A more modern look may be coming to a portion of the historic Carnegie Library building.
City commissioners Tuesday night got their first look at plans for a small addition to the north side of the vacant Carnegie Library building at Ninth and Vermont streets.
"We're proposing to build it in the style of our time," said David Dunfield, an architect with Lawrence-based GLPM Architects.
The project would add about 1,600 square feet onto the 10,000-square-foot building. The new space would house an elevator, stairway and handicap-accessible rest rooms that are required under the Americans with Disabilities Act before the building can be occupied again.
The addition - which would include two floors - would be built on a portion of the existing city parking lot that is north of the building. Dunfield estimated about 10 spaces in the parking lot would be lost.
The new construction largely would have a glass front, which is in contrast to the traditional architecture on the original Carnegie Library, which was built in 1904. Dunfield said his firm was recommending a more modern look, in part, because the building already had its style changed once before. The building was added onto in 1937 and used a less ornate style than that of the original 1904 building.
The addition would be connecting onto the 1937 addition, but Dunfield said he hadn't found community support to build the addition in that Depression-era style.
Dunfield said he has had positive discussions with city and state historic preservation officials, who must review plans because the property is on the National Register of Historic Places.
The project, which will include some general renovation work on the existing building, is expected to cost about $700,000. Work could begin this summer and be completed in early 2007. Commissioners will have to give final approval to the project at a later date.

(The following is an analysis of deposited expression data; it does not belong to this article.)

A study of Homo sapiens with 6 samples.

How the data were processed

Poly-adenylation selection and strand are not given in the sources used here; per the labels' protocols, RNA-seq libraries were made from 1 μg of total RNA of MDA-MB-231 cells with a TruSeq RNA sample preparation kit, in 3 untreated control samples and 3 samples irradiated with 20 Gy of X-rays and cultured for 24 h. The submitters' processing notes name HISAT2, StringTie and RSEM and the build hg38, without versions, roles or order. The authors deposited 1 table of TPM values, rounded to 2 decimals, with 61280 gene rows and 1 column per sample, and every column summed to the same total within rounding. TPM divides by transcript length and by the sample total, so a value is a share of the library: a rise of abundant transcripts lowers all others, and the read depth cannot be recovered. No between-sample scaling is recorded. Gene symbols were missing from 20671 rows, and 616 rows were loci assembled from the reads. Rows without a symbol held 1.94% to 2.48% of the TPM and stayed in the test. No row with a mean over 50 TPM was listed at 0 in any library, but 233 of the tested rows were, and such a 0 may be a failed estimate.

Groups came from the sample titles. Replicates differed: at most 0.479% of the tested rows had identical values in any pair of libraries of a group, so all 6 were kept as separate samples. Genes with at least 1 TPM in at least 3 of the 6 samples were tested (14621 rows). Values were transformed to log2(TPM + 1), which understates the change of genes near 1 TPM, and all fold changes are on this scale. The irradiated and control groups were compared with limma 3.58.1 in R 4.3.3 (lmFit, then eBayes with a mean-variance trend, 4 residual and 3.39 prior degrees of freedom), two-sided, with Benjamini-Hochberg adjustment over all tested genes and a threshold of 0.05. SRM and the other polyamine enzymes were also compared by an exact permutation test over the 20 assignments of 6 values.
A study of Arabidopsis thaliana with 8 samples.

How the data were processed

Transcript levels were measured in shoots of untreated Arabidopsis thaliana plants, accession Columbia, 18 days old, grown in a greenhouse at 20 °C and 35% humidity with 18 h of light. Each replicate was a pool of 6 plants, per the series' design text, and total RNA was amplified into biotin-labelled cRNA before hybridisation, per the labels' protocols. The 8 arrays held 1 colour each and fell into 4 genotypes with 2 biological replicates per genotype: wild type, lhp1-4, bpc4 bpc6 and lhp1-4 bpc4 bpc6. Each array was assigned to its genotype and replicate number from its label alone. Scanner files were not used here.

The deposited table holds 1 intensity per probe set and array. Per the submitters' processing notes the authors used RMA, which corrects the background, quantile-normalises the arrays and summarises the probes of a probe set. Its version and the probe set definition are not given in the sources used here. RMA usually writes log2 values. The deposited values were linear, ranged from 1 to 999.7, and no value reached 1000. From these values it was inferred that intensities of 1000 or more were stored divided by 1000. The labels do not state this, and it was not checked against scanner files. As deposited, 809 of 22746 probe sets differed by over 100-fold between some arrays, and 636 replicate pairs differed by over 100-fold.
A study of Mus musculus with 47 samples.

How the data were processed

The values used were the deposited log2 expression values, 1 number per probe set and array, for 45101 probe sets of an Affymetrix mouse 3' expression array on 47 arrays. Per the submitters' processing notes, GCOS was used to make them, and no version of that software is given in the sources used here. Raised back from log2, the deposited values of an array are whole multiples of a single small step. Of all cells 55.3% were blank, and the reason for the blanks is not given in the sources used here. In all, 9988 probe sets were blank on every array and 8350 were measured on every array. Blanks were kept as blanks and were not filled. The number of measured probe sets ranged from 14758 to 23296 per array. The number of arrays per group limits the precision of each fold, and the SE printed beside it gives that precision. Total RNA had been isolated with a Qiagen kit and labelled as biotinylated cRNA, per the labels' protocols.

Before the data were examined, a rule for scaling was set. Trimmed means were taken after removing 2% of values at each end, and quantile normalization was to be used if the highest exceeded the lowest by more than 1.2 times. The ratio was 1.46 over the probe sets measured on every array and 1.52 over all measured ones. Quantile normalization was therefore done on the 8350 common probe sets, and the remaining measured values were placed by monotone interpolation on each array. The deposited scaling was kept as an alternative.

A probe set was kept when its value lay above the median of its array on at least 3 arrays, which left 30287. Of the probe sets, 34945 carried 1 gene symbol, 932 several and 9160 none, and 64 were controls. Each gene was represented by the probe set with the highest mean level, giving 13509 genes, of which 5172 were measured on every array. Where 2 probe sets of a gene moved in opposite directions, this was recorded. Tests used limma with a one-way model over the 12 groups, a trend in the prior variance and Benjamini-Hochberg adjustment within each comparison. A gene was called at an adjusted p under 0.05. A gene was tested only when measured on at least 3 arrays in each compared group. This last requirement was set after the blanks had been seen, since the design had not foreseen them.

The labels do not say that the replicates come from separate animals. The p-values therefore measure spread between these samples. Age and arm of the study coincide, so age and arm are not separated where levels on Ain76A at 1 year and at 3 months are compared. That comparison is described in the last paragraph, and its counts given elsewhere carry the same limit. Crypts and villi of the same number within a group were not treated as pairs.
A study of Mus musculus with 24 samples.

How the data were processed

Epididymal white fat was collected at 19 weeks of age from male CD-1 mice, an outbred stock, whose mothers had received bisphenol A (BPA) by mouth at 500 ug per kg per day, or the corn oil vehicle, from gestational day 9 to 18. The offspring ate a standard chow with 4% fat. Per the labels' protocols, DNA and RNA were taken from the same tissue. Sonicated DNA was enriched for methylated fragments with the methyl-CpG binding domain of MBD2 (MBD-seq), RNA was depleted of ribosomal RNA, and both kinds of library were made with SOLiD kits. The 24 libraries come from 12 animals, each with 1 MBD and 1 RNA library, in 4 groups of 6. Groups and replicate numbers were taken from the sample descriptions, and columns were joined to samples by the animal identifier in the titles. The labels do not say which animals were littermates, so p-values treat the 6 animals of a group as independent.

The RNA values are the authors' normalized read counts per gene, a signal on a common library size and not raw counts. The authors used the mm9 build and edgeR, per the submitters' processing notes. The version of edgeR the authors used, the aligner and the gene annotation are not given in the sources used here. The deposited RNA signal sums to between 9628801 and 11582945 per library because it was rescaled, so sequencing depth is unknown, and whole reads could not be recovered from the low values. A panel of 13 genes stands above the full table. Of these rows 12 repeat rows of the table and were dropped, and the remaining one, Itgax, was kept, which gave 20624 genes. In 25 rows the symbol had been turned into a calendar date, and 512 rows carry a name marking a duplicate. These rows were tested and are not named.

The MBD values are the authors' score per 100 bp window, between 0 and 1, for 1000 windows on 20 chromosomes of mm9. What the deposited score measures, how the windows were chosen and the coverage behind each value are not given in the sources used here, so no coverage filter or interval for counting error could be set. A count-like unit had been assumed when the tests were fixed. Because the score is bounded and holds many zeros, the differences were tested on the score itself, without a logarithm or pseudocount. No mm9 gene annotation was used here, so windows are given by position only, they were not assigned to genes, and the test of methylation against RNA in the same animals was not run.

City commissioners did not settle on any future use for the building. Commissioners formally received two proposals for the building: one from the city's Parks and Recreation Department to use the building as a new community center for classroom and meeting space, and another from the Lawrence-based Americana Music Academy, which wants to turn the building into a music and cultural center.
- Lawrence Carnegie Library expansion (pdf)
- 6News video: Commissioners look to future of Carnegie Library
- 6News video: City Commission plans to fill vacant Carnegie library (02-06-06)
- Carnegie Library's future to be discussed (02-06-06)
- Two plans compete for use of Carnegie Library (01-26-06)
- New proposals to be taken for library building (10-19-05)
Several members of the public spoke in favor of the Americana proposal, saying the nonprofit organization had outgrown its current space and could create a unique destination for downtown. Commissioners agreed to discuss the two proposals at a March 9 study session.
Bert Nash to provide case workers for homeless
City commissioners Tuesday night selected the Bert Nash Community Mental Health Center to provide case management services for the homeless. The new $160,000 contract will allow the center to hire case mangers who will be stationed at ECKAN, the Lawrence Community Shelter, the Salvation Army and the Bert Nash offices to provide services.
Benefit district approved to fund road project
On a 4-1 vote commissioners gave approval to create a benefit district to fund a road project that would connect Stoneridge Drive to Sixth Street in northwest Lawrence.
The extension was requested by developers in the area, who would pay $600,000 of the costs of the project, while the city would pay $50,000 of the cost. But the city will finance the entire portion of the project and be repaid through special assessments on future property tax bills.
Citing debt concerns and the need to do better long-range planning, commissioners said they wanted to review the longtime policy of letting developers use the city's financing authority for road projects. City Commissioner Mike Rundle voted against the request. He said he wanted to put an end to the practice now.